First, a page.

Why I turned to the dark side and now love reading documentation…

syd
3 min readOct 14, 2021

Let’s start with a fun story ….

So while I was working on a new application with React as my frontend (Rails on back), I wanted to dive deep into hooks. I was pretty damn excited, I had only used React hooks a handful of times in components but I was completely ready for them now. So I got my backend set up with my serializers, controllers, routes etc and I then moved on to my frontend, I immediately started to get my login/signup components done. I knew instead of using mostly redux, I wanted to sprinkle in some little useState()’s and all that comes with the hooks territory. But like any great developer, HA ;), I skipped over all documentation and googled everything I could on how to implement hooks, redux, forms, axios, version control, etc. I pulled up every blog post, article, github repo, stack overflow page… you name it, I was looking at it all. And you know what happened? I was SO confused and completely overwhelmed. I started to overanalyze every line of code I wrote (and/or copy and pasted lol) and my application sat in a dead zone for weeks. I just had too much information and couldn’t make headway on it all. But this week, I decided to do something unheard of — to look at the documentation. And to my surprise, I finished multiple components and my auth was all good!

Here are some reasons why you shouldn’t end up like me and actually read the documentation:

  1. It’s reliable… (obviously) as much as we love stack overflow or some blog spots, we know it may not be information that is legitimate. So a quick fix or a quick answer might end up giving us more of a headache and more errors. So like all the greats say, take ya time and don’t rush perfection. (also paraphrasing — but we get the point).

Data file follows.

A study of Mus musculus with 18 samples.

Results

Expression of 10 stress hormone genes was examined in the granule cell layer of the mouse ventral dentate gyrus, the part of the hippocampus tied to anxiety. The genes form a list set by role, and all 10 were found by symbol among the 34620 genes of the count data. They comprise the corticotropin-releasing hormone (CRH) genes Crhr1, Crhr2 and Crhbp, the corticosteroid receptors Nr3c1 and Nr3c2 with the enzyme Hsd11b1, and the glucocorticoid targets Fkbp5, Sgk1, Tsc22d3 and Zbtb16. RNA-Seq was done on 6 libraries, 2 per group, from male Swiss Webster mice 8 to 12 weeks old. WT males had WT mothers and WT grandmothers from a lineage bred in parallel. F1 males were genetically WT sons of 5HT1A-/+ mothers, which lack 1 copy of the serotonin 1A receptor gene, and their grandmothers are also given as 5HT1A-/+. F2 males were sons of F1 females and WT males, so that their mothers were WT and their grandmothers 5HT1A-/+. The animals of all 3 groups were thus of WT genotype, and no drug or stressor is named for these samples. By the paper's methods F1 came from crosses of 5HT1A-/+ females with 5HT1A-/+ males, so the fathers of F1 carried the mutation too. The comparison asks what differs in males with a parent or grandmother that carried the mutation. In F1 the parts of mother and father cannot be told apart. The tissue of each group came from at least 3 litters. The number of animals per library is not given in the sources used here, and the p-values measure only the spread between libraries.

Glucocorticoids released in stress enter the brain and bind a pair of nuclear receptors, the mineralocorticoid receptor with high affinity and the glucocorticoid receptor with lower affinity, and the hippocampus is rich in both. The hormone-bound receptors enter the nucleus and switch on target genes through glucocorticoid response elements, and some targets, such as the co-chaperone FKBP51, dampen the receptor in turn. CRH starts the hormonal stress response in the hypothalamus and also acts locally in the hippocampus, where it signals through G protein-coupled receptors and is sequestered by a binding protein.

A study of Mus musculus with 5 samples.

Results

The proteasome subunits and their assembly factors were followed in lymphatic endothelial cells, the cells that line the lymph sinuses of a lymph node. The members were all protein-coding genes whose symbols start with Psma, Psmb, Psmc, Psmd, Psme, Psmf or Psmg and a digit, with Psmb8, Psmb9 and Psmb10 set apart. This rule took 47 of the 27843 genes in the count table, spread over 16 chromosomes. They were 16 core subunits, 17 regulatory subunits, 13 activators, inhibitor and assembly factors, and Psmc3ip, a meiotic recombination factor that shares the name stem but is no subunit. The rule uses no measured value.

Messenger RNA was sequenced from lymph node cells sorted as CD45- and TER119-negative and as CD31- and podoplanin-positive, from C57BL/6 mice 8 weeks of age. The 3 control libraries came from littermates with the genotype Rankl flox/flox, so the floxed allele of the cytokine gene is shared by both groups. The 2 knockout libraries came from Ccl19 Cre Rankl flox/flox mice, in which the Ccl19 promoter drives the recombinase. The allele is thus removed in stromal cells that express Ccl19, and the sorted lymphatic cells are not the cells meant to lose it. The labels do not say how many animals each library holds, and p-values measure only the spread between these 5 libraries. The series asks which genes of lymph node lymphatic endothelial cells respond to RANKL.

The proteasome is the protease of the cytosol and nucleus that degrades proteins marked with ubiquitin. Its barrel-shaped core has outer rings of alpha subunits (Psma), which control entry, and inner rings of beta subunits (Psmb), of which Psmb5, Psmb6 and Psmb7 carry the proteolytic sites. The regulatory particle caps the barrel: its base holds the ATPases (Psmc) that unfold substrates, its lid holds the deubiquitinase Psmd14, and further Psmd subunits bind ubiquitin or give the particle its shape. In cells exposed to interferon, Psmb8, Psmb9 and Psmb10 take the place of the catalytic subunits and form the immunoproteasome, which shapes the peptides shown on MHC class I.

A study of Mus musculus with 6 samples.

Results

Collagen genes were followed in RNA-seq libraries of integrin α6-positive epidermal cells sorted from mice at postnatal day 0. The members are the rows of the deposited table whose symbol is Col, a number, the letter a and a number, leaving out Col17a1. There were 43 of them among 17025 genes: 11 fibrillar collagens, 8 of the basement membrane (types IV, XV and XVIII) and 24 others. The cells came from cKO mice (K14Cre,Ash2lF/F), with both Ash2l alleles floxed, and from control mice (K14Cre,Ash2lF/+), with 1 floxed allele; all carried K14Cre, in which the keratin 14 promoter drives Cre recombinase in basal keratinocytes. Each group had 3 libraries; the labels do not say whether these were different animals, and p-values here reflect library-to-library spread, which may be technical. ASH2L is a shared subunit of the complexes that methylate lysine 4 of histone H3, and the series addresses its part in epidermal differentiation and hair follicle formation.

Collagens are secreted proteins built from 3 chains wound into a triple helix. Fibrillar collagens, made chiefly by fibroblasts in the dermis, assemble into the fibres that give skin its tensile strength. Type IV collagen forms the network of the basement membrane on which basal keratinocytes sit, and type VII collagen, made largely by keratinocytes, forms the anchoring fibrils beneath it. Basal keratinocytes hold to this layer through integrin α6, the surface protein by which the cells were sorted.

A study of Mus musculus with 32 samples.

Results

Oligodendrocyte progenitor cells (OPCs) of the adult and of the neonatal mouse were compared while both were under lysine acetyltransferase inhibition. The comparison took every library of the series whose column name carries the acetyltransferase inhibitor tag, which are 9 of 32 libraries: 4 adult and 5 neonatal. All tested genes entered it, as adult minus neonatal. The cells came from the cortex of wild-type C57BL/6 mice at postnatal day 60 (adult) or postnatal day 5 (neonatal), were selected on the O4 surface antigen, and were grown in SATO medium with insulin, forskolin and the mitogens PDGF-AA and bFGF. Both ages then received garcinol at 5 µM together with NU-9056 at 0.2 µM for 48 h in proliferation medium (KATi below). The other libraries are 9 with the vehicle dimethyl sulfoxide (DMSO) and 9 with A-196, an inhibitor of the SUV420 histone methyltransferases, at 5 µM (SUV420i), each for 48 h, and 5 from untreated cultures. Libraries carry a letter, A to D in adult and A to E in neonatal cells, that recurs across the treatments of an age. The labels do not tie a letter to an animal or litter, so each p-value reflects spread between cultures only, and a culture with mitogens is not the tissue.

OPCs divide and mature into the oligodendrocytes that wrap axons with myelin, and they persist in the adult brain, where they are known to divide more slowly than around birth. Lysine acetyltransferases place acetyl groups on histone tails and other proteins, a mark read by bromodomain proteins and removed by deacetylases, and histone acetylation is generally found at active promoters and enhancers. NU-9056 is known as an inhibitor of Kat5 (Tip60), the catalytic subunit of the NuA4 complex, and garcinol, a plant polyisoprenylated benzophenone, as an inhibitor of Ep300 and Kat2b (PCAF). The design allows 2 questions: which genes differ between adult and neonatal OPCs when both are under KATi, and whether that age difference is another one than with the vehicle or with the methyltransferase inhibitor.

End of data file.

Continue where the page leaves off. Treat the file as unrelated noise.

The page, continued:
2. It saves time and maximizes productivity… (again obviously)… so if you weren’t paying attention before I spent WEEKS of my life looking at everything google-able(sp?) on anything and everything. Even when I would make some progress, I would read another article, delete the code I wrote and the vicious cycle would continue.
  3. It will broaden your skill set … (maybe not so obvious)… when reading documentation you are going over key terms and concepts that you may and may not already know. We know sometimes documentation isn’t always developer/human friendly so by researching these methods/concepts/terms, you are able to review everything and pick up some new tricks!

A little reminder to the newbies taking a stab at reading documentation — be patient! Rome wasn’t built in a day and just like any other learning process, learning by reading documentation takes time. If you start to feel frustrated, take a break, move your body a bit, and then come back to it with fresh eyes and a clearer head.

Happy Coding and happy documentation reading to all!

Want to be friends: let’s connect on LinkedIn! :)


software engineer. red wine addict. obsessed with vintage cars and jewelry.